You may recall for the past several offseasons that I ran an article series called The Optimist’s/Pessimist’s Take. I used it to explore different issues and topics the Pittsburgh Steelers were facing and took a positive or negative approach, examining each side in a separate article. This is essentially the same idea behind that, only condensed into one article for every topic.

In this version of the idea, I’ll be playing the Devil’s Advocate for both sides of the issue, looking at the best-case and worst-case scenarios in trying to find the range of likely outcomes of what is likely to happen for the Steelers relating to whatever topic the article is covering.

When it comes to the process of trying to construct a championship roster, the reality is that there are a ton of moving parts, and several ways to acquire said parts. There are a lot of things that can go right or wrong in not always predictable ways, so I think it’s helpful to try to look at issues by seeking out the boundaries of the likely positive or negative results.

Topic: What percentage of offensive snaps is Martavis Bryant likely to play during an average game this season?

When it comes to the offensive side of the ball, I think it would be fair to say that one of the most interesting questions we will have to get the answer to this season is just how much Martavis Bryant is going to play on offense.

He is presumed to be the starter opposite Antonio Brown, and that is a reasonable enough assumption. But that is what he was when he last played in 2015, and he never played within 10 snaps of an entire game.

Outside of the season finale that year, in which he only played 13 snaps, Bryant logged 511 snaps over 10 games, obviously averaging 51.1 snaps a game. But the Steelers played 723 snaps during that span, averaging 72.3 snaps per game.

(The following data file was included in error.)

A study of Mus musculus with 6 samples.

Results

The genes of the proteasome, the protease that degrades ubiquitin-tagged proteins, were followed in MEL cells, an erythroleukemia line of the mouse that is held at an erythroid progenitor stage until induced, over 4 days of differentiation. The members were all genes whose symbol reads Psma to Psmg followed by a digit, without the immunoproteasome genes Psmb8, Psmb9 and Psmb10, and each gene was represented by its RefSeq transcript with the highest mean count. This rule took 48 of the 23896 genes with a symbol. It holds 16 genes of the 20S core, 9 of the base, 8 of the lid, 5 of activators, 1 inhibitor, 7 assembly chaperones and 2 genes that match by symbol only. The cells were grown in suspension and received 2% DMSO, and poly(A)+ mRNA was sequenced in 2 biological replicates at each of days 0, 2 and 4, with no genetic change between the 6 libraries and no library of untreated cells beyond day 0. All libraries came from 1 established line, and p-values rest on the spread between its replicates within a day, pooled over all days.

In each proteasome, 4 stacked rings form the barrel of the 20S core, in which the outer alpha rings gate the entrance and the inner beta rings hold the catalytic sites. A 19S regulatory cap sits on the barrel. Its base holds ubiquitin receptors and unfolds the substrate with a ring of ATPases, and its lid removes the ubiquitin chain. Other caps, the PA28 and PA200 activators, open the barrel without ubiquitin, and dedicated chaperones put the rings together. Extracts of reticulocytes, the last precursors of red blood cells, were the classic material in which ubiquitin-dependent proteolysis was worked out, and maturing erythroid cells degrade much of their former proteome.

Overall, he was logging roughly 70 percent of the team’s offensive snaps over that span, with some variability within there. He played 62 of 76 snaps one week, than 40 of 87 the following week, then 58 of 69 the next.

Of course, Bryant is taking his football more seriously than he ever has, so it is reasonable to hypothesize that he is more prepared than ever to take on an even greater workload than he saw earlier in his career.

He admitted earlier this year that he didn’t take training very seriously before, but it is visually evident that that is no longer the case.

But it also can’t be denied that he missed an entire year of football. It is plausible that he could get off to a slow start, which could hinder his playing time, at least early on. And we also must consider the depth that they have at wide receiver this year.

Quite frankly, the Steelers may have too much talent at wide receiver not to make use of the fresh legs throughout the game. And that will mean individual players seeing less playing time than they might otherwise get, which will include everybody that is not a perennial All-Pro.

Which side do you lean closer toward?